Synopsis: Natsume Yuujinchou focuses upon a boy, Natsume Takashi, who has the power to see supernatural beings that others could not. As a result, many people have either thought he was crazy or treated him as a sign of bad luck. All of this would change once he got his hands on a strange book that belonged to his grandmother, Reiko, which contains the names of all the spirits that his grandmother had contracted into helping her. Natsume, accompanied by Madara, a spirit who disguises himself as the large cat Nyanko-sensei, resolves to free the spirits from their contracts, making new friends in the process and learning how to live in harmony with humans and spirits.
Main characters: Exhibit a lot of growth and development.
Natsume and Nyanko-sensei: Interactions are fun to watch.
Atmosphere: Subdued, but absolutely beautiful.
Storytelling: Sentimental, uplifting, even heartbreaking at times, but wonderful.
Music: Soft and unobtrusive.
Natsume Yuujinchou Review
The concept of the episodic anime series revolving around supernatural beings is a relatively new phenomenon. But it’s a genre with a stellar track record. Natsume Yuujinchou, Brains Base’s latest foray into the genre, doesn’t pack a punch like Mushishi, but it is enjoyable in its own right. By taking a down-to-earth approach to its stories and filling them with emotional moments, this series forges a connection between the humans and the spirits. This allows the viewer to understand and sympathize with the characters and makes the anime’s poignant vignettes all the more memorable.
From start to finish, Natsume Yuujinchou rarely wastes a second. Each episode builds itself up by focusing upon a simple theme like lost love or reconciling disagreements between friends. The familiarity and relatability of such situations are crucial to this series. Once the audience understands the basic premise, the episode can then develop the emotional side and draw it out to great effect.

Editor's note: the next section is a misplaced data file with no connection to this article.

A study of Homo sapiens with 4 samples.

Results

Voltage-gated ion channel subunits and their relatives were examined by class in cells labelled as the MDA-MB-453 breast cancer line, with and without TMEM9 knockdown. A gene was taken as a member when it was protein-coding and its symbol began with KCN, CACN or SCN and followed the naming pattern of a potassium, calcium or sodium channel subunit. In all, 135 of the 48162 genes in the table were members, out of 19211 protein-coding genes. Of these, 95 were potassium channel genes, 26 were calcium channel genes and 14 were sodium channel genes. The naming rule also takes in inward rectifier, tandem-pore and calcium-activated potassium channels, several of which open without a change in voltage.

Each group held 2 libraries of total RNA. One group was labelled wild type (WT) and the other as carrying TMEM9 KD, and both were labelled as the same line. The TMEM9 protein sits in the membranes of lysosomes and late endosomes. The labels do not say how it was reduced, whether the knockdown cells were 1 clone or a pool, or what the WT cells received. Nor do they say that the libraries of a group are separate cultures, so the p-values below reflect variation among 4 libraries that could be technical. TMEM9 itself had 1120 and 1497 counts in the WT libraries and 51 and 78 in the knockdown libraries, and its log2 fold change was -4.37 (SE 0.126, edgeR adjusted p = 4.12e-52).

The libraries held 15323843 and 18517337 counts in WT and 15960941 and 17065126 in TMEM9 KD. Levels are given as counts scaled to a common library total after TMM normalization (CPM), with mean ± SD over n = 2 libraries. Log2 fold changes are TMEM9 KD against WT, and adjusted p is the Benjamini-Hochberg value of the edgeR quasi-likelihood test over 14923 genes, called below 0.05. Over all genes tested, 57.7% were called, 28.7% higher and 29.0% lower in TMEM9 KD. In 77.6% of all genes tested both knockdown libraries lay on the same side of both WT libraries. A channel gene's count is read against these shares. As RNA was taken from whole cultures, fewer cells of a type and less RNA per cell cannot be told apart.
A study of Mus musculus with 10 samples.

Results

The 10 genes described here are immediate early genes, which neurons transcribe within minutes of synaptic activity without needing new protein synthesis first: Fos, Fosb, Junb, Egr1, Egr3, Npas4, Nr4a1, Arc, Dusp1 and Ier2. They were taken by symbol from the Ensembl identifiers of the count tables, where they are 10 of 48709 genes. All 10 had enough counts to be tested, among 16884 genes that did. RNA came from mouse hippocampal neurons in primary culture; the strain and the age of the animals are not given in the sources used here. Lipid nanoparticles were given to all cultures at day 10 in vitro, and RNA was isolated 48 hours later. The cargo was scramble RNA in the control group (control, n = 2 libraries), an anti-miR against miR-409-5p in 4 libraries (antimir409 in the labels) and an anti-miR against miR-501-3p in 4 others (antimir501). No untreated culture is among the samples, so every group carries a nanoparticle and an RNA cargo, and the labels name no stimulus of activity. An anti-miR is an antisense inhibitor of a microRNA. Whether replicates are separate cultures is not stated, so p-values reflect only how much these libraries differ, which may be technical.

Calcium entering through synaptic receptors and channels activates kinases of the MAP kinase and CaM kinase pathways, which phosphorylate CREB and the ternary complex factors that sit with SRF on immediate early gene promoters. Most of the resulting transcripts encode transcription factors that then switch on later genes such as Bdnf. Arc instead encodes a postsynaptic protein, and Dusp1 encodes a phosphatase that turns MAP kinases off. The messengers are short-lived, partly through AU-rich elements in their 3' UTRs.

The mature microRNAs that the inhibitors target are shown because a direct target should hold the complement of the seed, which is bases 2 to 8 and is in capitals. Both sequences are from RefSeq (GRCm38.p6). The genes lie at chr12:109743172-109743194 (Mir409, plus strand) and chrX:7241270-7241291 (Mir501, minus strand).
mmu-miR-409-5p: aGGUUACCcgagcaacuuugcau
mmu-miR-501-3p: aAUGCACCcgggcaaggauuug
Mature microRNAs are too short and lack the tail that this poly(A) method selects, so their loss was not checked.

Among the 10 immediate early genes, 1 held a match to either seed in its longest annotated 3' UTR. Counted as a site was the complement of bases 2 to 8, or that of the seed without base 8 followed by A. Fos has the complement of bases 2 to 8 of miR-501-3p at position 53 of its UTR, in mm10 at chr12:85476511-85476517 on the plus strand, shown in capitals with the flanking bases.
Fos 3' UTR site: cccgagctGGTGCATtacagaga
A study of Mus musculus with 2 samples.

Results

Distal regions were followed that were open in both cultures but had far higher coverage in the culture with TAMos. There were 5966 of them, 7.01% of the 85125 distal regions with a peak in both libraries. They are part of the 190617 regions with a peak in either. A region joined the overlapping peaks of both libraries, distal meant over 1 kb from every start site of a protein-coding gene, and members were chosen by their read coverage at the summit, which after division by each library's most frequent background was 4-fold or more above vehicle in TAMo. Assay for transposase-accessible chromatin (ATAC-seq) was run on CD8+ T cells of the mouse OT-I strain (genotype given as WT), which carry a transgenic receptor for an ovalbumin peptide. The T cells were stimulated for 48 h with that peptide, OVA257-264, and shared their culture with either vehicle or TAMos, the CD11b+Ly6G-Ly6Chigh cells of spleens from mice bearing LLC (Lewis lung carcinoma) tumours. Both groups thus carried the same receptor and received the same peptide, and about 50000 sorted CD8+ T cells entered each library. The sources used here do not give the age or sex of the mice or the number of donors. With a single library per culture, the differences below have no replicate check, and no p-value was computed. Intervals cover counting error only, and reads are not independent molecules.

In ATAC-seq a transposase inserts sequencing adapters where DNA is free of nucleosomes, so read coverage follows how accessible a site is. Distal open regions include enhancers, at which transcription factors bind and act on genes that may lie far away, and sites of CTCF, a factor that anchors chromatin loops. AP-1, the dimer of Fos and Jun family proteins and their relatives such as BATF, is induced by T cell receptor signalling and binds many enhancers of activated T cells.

And develop the emotional side it does. Each episode brings forth its distinct mood flawlessly, regardless of the subject matter. Whether the episode is trying to aim for comedic fare, a sentimental moment, or an uplifting experience, the episode hits the mark more often than not. I found myself content to sit back and be taken along for the ride.
None of this would have been possible if the series had not taken care to develop the characters. The spirits themselves are fleshed out rather well. Each one has a distinct personality and detailed backstory that makes it easier for the audience to empathize with them. However, where this series excels is how they develop the main characters, especially Natsume.
Natsume’s role makes him the bridge from one episode to the next. Though he starts out as a reluctant protagonist, by being forced to interact with spirits, his stance towards them softens. Furthermore, his interactions encourage him to break out of his shell to socialize with people more. This progression is slow and subtle, but the Natsume at the start of the series is different from the one at the end. The honesty of the feelings and emotions that go into Natsume’s development is disarming in a way that’s almost ARIA-eque. That is, it grabs at the audience’s heartstrings by encouraging them to reach out and form that emotional bond with Natsume.
The artwork and the soundtrack immerse the viewer into Natsume Yuujinchou‘s subdued, enchanting setting. Even then, the series shines brightest in the way it tells its stories and develops its cast. Just be prepared for the occasional bout of waterworks that comes with this ride.